Lee Tamahori is in the cross hairs to direct the 20th installment of the James Bond franchise for MGM. Though at least a half dozen A-list shooters vied for the job, Tamahori emerged as the clear front-runner late last week.
The New Zealand-born Tamahori made his debut with the critically acclaimed “Once Were Warriors,” and he has proved himself adept at directing drama through such films as the Alec Baldwin/Anthony Hopkins starrer “The Edge” and, most recently, with “Along Came a Spider,” the hit Paramount sequel to “Kiss the Girls.” Pic, which starred Morgan Freeman, cost in the low-$30 million range and has posted a U.S. gross upward of $70 million for Paramount.
The effort to land a Bond helmer has been unfolding for the past several months, with numerous directors considered by the studio and franchise producers Barbara Broccoli and Michael G. Wilson.
The film, to begin shooting in early 2002, will be the fourth toplined by Pierce Brosnan, whose three previous films have collectively posted a worldwide gross of more than $1 billion.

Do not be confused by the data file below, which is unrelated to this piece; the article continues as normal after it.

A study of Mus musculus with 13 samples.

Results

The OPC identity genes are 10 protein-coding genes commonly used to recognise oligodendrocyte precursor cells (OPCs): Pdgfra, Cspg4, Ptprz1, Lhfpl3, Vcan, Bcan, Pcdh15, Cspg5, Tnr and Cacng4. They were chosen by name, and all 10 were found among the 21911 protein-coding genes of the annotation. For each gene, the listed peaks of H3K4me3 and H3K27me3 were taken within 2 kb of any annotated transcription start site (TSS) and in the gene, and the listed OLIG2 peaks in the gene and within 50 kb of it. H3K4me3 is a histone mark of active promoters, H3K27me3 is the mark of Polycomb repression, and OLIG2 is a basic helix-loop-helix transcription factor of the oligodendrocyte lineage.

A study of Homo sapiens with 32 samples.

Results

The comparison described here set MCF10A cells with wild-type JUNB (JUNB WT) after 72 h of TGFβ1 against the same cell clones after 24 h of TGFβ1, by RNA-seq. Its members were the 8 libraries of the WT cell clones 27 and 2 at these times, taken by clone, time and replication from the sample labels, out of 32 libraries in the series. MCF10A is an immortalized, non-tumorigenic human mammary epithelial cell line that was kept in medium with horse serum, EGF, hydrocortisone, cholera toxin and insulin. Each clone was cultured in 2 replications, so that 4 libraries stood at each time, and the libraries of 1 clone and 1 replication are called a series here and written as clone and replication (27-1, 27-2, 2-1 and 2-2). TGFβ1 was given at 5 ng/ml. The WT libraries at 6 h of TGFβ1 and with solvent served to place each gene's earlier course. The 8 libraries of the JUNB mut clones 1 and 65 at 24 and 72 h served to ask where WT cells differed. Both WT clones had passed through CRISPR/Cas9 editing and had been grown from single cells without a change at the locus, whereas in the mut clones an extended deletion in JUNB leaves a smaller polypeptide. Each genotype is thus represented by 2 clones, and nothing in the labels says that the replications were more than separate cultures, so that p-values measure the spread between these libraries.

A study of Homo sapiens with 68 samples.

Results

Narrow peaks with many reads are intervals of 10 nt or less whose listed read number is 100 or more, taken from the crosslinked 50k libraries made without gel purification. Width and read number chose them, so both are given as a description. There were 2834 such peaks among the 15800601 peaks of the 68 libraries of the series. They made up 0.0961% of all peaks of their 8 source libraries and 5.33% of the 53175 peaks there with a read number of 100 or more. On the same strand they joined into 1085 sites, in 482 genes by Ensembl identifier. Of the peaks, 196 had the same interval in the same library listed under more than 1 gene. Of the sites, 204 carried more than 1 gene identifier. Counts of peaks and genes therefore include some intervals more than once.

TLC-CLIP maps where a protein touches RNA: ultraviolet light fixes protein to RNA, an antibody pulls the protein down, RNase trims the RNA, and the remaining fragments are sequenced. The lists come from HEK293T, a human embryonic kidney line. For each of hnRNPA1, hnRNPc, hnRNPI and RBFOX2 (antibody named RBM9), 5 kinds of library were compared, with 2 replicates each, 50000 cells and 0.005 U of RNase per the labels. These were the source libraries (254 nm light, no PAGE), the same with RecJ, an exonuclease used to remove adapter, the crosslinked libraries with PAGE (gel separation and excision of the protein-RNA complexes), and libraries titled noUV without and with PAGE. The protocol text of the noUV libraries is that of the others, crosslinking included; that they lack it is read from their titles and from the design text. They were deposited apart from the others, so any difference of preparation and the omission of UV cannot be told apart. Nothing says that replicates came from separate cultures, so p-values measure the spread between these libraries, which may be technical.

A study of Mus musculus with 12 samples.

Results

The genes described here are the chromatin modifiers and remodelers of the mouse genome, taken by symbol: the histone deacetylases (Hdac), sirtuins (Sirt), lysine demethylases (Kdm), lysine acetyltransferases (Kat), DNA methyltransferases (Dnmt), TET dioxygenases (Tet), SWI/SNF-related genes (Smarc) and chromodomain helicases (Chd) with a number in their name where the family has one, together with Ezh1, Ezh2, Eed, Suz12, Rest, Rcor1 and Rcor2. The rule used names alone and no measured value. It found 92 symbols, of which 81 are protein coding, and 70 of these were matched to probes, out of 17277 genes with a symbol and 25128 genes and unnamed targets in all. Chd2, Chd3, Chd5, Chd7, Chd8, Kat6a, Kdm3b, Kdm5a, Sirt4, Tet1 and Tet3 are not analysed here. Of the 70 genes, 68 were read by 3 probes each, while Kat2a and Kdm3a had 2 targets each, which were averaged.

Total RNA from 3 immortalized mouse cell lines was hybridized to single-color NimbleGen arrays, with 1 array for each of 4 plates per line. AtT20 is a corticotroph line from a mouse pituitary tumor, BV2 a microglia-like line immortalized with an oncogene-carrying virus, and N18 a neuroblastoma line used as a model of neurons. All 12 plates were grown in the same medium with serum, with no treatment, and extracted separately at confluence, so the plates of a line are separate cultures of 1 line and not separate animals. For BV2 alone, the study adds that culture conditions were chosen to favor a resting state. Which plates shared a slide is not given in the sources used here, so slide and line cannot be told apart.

The 20th and as yet untitled effort will be a milestone for the series. The film will be released in late 2002, in time to mark the 40th anniversary of the launch of the Bond series based on the Ian Fleming novels. Sean Connery began the series starring as 007 in “Dr. No” in 1962.
None of the parties involved could be reached for comment over the weekend. Tamahori is represented by ICM and Industry Entertainment. Negotiations are expected to begin within the next few weeks.